Having the ability to ask a question appears to be a uniquely human trait, one that saves us time and energy as we gather resources and information. It also allows us to develop empathy for others and create bonds of trust, even among strangers. Indeed, people who ask more questions are seen as more likable.
And yet many of us don’t ask enough questions, nor the right ones, according to research from Harvard Business School.
Writing in the latest issue of Harvard Business Review, HBS assistant professor Alison Wood Brooks and HBS associate professor Leslie John, who both study negotiations and organizational behavior, argue that we hold back our queries too often, fearful that we’ll seem ill-informed or offensive, or perhaps believing we already have the answers we need.
Whatever the reason, we need to get over it. Asking questions, even when it feels disagreeable, offers serious benefits.
“It spurs learning and the exchange of ideas, it fuels innovation and performance improvement, it builds rapport and trust among team members,” the researchers write. “And it can mitigate business risk by uncovering unforeseen pitfalls and hazards.”
Citing their own studies and previous academic findings from elsewhere, they offered a few counterintuitive guidelines for how to make your questions more effective.
We’re often told that open-ended questions keep conversations flowing, where closed questions route to dead ends, but Brooks and John make a useful distinction about when that’s true.
They say we need to assess whether an interaction is more “competitive,” which is when at least one person has an agenda or is probing for sensitive information, or “cooperative,” when two or more people are brainstorming, for instance.
When you’re dealing with a dodgy vendor from whom you’re seeking full disclosure, your conversation is competitive. In this case, the sage advice to ask open-ended questions doesn’t apply. Instead, it can open the door to lies by omission.
During a recent HBR IdeaCast podcast, Brooks offered the example of buying a used iPod to illustrate her point. Consider the open-ended “Tell me about the history of this iPod” to “Has this iPod been damaged?”
Cooperative conversations, on the other hand, really will flow most easily with open-ended questions, which give someone “a long leash” to decide “how am I going to answer this?” said Brooks. They help you discover what’s on a person’s mind.
If you have an inkling that the answer to one of your queries is going to be negative —a deliverable is going to be late, for instance—the professors suggest framing your question pessimistically. Say, “That’s not going to be on time, is it?” Your assumption gives the other person permission to be truthful, if indeed the answer is not the one you want to hear.
As with all of these questions, tone matters. Try not to telegraph anger or an accusation if you want a candid response.
If you’re not conscious about your conversational habits, you might be doing follow-up questions all wrong. That is, you might be beading together “full-switch” questions, as the professors have labeled them, which limits a conversation’s range.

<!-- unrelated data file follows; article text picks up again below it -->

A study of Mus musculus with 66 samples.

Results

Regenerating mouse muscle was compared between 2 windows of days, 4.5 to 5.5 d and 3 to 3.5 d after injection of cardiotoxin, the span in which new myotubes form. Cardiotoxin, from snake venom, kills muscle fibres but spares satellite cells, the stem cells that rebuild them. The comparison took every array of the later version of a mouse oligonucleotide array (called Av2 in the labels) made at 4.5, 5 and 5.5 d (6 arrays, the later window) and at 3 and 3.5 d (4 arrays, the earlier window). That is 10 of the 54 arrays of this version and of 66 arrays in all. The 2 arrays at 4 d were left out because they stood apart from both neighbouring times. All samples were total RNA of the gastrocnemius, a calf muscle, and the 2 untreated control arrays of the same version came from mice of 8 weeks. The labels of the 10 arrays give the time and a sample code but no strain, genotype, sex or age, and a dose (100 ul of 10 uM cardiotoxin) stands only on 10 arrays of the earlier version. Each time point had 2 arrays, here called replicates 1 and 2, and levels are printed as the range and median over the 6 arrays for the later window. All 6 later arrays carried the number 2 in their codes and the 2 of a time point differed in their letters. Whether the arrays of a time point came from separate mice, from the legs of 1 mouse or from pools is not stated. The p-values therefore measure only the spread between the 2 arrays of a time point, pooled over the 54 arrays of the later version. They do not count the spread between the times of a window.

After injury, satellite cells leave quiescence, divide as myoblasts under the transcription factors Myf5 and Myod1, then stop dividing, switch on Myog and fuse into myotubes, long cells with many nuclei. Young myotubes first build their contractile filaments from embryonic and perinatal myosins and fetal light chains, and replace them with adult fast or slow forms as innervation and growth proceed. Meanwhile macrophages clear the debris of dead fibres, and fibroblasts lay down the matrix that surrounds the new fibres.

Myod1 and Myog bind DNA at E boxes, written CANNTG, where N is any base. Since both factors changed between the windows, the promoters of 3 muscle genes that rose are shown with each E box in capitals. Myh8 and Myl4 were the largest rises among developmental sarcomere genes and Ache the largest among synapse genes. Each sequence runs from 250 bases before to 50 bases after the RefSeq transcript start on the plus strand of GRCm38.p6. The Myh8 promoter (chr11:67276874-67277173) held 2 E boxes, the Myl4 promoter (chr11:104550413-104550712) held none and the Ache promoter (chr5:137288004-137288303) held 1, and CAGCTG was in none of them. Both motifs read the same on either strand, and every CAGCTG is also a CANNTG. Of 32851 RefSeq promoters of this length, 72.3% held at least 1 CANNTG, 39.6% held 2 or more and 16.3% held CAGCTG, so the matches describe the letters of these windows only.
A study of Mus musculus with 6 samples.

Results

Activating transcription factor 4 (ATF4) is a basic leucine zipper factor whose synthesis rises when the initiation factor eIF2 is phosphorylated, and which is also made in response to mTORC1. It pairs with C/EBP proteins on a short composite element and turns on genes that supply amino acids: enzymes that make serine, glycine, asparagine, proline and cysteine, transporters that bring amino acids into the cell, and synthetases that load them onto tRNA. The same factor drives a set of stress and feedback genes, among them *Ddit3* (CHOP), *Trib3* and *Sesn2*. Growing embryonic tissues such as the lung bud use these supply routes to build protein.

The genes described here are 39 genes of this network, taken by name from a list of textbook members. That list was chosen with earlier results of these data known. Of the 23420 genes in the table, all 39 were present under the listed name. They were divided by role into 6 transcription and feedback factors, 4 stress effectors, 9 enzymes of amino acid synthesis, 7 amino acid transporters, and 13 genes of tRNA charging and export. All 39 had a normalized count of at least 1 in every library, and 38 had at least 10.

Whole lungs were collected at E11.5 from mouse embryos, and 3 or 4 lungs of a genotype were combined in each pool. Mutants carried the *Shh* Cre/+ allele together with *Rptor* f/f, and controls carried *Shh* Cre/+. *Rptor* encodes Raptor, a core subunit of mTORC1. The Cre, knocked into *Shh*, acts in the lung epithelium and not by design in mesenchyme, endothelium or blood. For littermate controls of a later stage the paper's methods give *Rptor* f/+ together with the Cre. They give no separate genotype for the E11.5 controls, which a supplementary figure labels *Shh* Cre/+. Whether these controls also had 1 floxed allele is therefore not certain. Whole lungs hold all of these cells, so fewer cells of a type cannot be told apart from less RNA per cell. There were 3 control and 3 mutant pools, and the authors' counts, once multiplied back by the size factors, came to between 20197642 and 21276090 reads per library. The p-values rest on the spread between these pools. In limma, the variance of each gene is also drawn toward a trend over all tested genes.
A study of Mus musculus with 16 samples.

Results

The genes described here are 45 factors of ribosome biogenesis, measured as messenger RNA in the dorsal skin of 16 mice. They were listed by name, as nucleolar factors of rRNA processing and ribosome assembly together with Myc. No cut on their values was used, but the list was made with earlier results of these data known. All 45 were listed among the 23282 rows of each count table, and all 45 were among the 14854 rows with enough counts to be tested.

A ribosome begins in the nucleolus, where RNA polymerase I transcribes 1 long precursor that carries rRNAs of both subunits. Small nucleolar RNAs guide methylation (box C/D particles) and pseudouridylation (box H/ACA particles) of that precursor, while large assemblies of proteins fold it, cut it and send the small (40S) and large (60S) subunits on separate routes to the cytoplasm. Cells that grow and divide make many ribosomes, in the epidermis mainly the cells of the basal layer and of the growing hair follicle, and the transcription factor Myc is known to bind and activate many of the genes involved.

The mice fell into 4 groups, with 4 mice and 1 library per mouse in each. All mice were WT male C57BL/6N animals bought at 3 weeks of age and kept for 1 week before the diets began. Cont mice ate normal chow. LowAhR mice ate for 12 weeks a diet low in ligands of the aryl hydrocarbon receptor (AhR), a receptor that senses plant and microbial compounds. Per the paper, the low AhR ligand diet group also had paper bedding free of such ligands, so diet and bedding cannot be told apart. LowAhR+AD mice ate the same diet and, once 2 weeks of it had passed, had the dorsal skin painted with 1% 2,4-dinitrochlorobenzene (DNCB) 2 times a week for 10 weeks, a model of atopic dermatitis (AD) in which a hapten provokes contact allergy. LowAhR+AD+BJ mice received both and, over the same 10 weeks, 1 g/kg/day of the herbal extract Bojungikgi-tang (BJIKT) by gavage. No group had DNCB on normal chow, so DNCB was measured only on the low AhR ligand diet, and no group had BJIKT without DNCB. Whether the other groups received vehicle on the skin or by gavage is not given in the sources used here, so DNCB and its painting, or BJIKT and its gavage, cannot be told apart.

“I might say things like, ‘Where are you from?’ Listen, listen, listen, listen. ‘Do you like the band U2?’ Listen, listen, listen, listen,” Brooks says on the podcast. “It would be much more engaging and interesting to say, ‘Where are you from? … Oh, I’ve been to Tuscaloosa. Do you live in this neighborhood? … I had a friend who was from there. Where, you know, where did you grow up? What were your parents like? What did your house look like? What do you regret about growing up there?'”
Follow-up questions should stay on one topic and explore it a bit, pushing the conversation past the superficial. These questions are powerful, and even “magical,” Brooks and John write, because they help the listener feel “respected and heard,” all but guaranteeing a more meaningful exchange.
You might intuit that a sensitive conversation should start on a light note. But John’s recent research shows that your conversation partner will respond with more disclosure if you come out of the gate with hard-driving queries.
In a study published in the Journal of Consumer Research, she and her co-authors found “people are more willing to reveal sensitive information when questions are asked in a decreasing order of intrusiveness,” the professors write, because subsequent sensitive questions will feel relatively less prying. For example, they write, lead with, “Have you ever had a fantasy of doing something terrible to someone?” and then “Have you ever called in sick to work when you were perfectly healthy?” becomes way less intimidating.
But when you want to build a relationship, reverse this tactic, they are careful to add, citing “classic” research by psychologist Arthur Aron. In lab studies, he found that conversation partners grew to like each other as they asked and answered a series of questions that started breezily, with overtures like, “Given the choice of anyone in the world, whom would you want as a dinner guest?,” and move to ones such as, “Of all the people in your family, whose death would you find most disturbing? Why?”
If these questions feel familiar to you, it may be because you’ve asked or answered them not long ago. In 2015, the New York Times published the list in viral story headlined, “The 36 Questions That Lead to Love.”
You truly cannot know where a well-considered question will take you.